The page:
See, this dude in Japan, named Masaru Emoto, did these experiments on water, where he looked at the ice crystals that formed when it was frozen, microscopically. I'm not really describing it that well - that's sort of a simplification. Anyway, he tried exposing the water to classical music, and it formed these really pretty crystals. Then he tried heavy metal music, and the crystals were all malformed and asymmetrical and fragmenty.
I dunno, man. I listen to a bit o' heavy metal music, myself. 'Specially when I wanna get out some emotions by singing to the music at the top of my lungs in my car. Is that music bad for me? Is it? Hmmmm.
But, when I hear idiots' stereos off in the distance, where all you hear is this gross, malformed version of a rhythm section (by virtue of how sound waves travel, I guess), I totally understand how music can be bad for you. There's something so creepy and gross about it. I can't describe it. It's like a foreign presence. It's like having a sliver that you haven't taken out yet. It feels like it gets in there and jumbles up all your molecules and makes 'em all confused and disorderly. It's actually physically painful.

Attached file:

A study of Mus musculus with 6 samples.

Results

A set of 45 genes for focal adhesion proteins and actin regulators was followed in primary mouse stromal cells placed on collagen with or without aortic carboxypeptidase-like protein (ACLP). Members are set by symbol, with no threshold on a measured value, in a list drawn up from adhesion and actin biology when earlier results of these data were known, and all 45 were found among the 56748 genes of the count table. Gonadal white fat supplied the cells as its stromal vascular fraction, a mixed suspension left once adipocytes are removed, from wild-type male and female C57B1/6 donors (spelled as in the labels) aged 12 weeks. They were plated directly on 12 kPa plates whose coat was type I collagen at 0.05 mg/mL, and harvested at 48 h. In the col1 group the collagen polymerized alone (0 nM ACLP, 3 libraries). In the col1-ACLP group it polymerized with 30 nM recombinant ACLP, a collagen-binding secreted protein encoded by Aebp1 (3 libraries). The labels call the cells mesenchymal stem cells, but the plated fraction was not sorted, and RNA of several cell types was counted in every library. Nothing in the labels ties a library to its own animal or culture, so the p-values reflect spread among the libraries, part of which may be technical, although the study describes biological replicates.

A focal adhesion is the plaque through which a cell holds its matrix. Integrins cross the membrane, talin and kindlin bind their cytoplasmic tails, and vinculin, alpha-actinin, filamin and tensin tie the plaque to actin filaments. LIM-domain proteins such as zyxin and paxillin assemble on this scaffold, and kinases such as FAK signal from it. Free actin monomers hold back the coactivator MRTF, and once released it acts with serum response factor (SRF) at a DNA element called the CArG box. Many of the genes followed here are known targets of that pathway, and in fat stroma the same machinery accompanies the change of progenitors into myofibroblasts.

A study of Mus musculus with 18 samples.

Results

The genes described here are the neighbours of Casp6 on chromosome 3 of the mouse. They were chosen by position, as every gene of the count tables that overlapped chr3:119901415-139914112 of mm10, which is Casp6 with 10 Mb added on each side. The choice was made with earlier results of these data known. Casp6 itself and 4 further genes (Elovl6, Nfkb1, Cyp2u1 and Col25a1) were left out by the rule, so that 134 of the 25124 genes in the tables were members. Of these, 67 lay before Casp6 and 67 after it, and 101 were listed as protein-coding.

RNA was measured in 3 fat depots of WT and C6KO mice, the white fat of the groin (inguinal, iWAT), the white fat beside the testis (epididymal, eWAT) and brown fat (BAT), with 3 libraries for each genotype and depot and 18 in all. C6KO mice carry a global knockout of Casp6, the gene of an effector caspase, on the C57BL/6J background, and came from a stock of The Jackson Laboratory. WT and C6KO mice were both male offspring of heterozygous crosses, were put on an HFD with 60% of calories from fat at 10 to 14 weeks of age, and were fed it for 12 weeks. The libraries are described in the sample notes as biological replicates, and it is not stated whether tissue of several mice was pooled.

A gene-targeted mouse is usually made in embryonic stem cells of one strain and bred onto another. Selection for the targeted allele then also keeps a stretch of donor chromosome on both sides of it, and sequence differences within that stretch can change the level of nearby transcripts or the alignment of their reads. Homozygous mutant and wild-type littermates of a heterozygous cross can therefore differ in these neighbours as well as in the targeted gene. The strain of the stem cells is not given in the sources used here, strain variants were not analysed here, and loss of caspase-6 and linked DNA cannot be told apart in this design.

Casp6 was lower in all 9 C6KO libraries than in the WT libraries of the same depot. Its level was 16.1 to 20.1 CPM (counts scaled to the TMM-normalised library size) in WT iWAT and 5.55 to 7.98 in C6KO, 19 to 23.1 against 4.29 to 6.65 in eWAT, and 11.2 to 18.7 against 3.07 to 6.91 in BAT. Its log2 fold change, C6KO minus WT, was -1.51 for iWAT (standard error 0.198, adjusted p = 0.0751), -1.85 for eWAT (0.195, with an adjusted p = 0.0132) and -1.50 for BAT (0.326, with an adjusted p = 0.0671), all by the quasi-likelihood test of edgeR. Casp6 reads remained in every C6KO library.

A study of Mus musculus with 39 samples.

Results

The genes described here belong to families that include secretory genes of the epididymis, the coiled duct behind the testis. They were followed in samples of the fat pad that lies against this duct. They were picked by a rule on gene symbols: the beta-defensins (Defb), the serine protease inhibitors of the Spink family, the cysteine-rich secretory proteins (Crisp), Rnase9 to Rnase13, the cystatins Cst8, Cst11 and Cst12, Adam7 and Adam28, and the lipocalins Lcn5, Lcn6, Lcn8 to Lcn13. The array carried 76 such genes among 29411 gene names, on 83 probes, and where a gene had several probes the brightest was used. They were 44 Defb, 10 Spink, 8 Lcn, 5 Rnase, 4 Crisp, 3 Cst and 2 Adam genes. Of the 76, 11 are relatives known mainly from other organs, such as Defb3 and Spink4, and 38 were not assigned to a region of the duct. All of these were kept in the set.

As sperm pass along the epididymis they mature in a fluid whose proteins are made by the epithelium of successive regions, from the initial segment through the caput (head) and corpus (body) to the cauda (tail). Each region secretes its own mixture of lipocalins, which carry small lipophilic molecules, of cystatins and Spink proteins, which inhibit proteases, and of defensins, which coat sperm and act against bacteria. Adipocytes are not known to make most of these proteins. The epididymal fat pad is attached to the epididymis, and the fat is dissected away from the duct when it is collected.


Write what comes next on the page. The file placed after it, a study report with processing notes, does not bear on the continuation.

Is it cuz I'm aware o' how the water I'm mostly made up of is reacting to the music? Hard to say. I know other people're really sensitive to that shit, too. It's funny, though. Cuz I know of just as many people who are not sensitive to it at all.
I mean, if certain people're all sensitive to these dumb vibrations cuz of how water is reacting to the music, then I wonder why other people're so oblivious to it; cuz you'd think if it was bad for you at that fundamental level, that those other people would feel pain when exposed to it. You'd think everybody would feel pain when exposed to it.
I dunno, man. It's some food for thought, I guess. Or maybe not.